Republicans have spent the better part of a century trying to legislate our government away in small bits and pieces. We’ve seen it in action: cutting taxes, eliminating regulations, squeezing social welfare programs, privatizing essential services, and blocking access to the ballot box. Always with a promise that we’ll be better off for it. And it wouldn’t be so bad if their policies proved that a rising tide lifts all boats, but unfortunately, by most assessments they haven’t brought the tide in at all. 

Looking only at the economic angle, measurements over time—including data around job creation, economic growth and stock market returns—prove that a Democrat in the White House is significantly better for our back pockets than a Republican. The question is why?

Researchers have tried to figure it out. Their answers range from risk aversion to oil shocks to consumer confidence to good old-fashioned luck. All of these probably play a role, large or small, in moving the needle. And although many Republicans would disagree with me, success, on a personal or presidential level, is about much more than money.

The past 40 years have seen a parade of Republican presidents who promised much across a wide swath of issues but delivered very little. Again, the question is why? The answer isn’t economic, it’s psychological. There’s an inherent flaw in the way Republicans are beholden to a rigid political dogma that doesn’t flex with our own evolution as individuals or cultures. Whatever you want to call it—confirmation bias, ego or loyalty—the result is a fixed mindset in which any problem, no matter how big or small, can only be solved one way. 

Allow me one historic example. When Herbert Hoover faced the opening acts of the Great Depression, he dithered, afraid to stray from his party’s strict rules around limited government. Instead of help, he offered stale platitudes, encouraging Americans to “tighten their belts” and make do through their “rugged individualism.” He opposed two bills that would have provided struggling Americans with relief in the way of food, clothing and housing support.

In a more agile approach, Franklin Roosevelt offered the New Deal, a kitchen-sink tactic to lift us out of our economic quagmire with aid packages, public works programs and financial reforms. Roosevelt was the first to admit that some of his policies were mistakes, but in his 1936 address to the Democratic National Convention, he said, “Better the occasional faults of a government that lives in a spirit of charity than the consistent omissions of a government frozen in the ice of its own indifference.”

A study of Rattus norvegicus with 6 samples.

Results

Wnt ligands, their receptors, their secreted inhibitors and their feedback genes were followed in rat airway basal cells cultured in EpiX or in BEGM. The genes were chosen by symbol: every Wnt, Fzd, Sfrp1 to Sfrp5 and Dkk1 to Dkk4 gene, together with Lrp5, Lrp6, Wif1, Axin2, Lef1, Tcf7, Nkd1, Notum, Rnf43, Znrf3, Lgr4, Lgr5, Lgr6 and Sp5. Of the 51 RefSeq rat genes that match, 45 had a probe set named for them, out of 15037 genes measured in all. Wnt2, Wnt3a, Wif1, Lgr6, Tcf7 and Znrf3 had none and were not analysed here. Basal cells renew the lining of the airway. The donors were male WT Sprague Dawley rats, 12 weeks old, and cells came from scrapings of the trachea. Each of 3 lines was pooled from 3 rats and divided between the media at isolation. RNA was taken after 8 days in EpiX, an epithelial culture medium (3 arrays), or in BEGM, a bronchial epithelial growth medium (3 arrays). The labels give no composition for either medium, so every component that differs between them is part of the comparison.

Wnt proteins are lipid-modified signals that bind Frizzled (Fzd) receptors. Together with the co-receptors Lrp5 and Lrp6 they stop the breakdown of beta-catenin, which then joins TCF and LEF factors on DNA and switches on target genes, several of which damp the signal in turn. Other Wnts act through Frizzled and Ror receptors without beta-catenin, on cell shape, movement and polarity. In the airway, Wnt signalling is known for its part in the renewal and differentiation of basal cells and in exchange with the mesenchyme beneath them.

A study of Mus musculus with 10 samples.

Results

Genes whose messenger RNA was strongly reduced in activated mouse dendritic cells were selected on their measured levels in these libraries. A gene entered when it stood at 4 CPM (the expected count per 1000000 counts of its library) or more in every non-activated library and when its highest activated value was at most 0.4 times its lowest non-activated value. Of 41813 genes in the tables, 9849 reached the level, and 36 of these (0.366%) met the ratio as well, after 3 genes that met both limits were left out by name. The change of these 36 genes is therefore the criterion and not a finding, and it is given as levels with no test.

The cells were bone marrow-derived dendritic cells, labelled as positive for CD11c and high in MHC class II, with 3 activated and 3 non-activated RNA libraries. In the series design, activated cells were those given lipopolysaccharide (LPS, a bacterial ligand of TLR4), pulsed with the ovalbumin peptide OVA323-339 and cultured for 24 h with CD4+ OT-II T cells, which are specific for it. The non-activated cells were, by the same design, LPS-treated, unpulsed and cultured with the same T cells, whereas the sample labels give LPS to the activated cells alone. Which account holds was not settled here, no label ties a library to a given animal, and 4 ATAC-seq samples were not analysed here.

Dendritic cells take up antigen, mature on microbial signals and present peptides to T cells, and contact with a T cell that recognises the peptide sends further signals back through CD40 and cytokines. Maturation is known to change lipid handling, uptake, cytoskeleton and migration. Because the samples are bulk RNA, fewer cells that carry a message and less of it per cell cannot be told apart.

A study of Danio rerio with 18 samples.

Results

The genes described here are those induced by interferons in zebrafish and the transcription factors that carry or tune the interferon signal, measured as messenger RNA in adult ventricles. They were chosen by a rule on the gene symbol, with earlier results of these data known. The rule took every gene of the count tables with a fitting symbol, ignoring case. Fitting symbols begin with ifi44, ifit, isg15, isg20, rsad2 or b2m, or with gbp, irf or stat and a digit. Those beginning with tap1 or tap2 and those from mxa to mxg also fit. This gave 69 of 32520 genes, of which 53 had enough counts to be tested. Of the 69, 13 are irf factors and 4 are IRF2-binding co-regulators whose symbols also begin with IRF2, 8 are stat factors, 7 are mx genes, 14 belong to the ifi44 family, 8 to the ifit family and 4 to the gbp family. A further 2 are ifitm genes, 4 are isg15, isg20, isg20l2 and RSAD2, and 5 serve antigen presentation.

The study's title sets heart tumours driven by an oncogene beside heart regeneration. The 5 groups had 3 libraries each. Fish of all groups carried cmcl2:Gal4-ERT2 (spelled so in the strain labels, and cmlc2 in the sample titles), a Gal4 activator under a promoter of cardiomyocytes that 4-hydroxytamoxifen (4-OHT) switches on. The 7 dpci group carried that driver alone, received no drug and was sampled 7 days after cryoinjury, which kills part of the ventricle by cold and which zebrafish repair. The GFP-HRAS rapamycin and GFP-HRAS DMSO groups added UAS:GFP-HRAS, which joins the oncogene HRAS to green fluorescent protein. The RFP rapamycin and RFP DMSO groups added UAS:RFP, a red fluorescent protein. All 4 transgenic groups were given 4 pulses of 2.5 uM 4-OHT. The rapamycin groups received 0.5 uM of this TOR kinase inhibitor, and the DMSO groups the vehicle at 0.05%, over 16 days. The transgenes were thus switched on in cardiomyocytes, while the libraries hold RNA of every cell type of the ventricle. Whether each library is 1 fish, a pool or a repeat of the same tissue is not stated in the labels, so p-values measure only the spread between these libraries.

Ronald Reagan took office with laser-like focus on implementing the newest Republican orthodoxy: trickle-down economics. The supply-side model promised that lower taxes on high-income earners would lead to a surge of investment and trigger more than enough economic growth to offset the initial loss in tax revenue. The problem? It was more trick than trickle, and it didn’t work. 

After slashing estate and business taxes and reducing the top individual tax bracket from 70 percent to 28 percent, we were rewarded with a drop in federal tax receipts, a tripling of the federal debt, declining wages, increasing income inequality and a double dip recession. After positive proof that trickle down doesn’t go anywhere, George H. W. Bush, who at one time called the approach “voodoo economics,” stayed the course. 

George W. Bush did the same, showering us with more tax cuts that led to huge deficits and ballooning national debt. But it was the failed war in Iraq that was his Waterloo. You may remember his vice president, Dick Cheney, promising us that “we will, in fact, be greeted as liberators.” It turns out that the Bush administration had ignored several pre-war analyses that promised just the opposite. We were so cocksure that when the insurgency in Iraq quickly took hold, we were caught flat-footed to the tune of countless lives lost. Lucky for those of us who were safely back home, Republicans salved our wounds with another tax cut just two months after the war started. 

Pumping the economy for the sake of padding your presidential resumé is one thing; facing a once-in-a-lifetime test of leadership is something altogether different. Like Hoover, Donald Trump failed when it was his turn.

It’s easy to point out the ignorance and lies that informed Trump’s sloppy, even criminal, handling of the global pandemic that’s still ratcheting up the body count. But it’s the narrow-minded Republicans who have for years questioned the validity of scientific research and tried to excise it from the important role it plays in decision making who are responsible for our inability to control the virus and for the utter devastation of our economy. 

And now, with unemployment soaring, business shuttering and everyday people struggling to pay their rent, these same Republicans toe the party line about the high cost of handouts. But don’t worry, I have a solution for the raft of new problems they’ve created. Another tax cut!


Amos Klausner is an art director and armchair political strategist who serves on the Lagunitas School board. He lives in San Geronimo.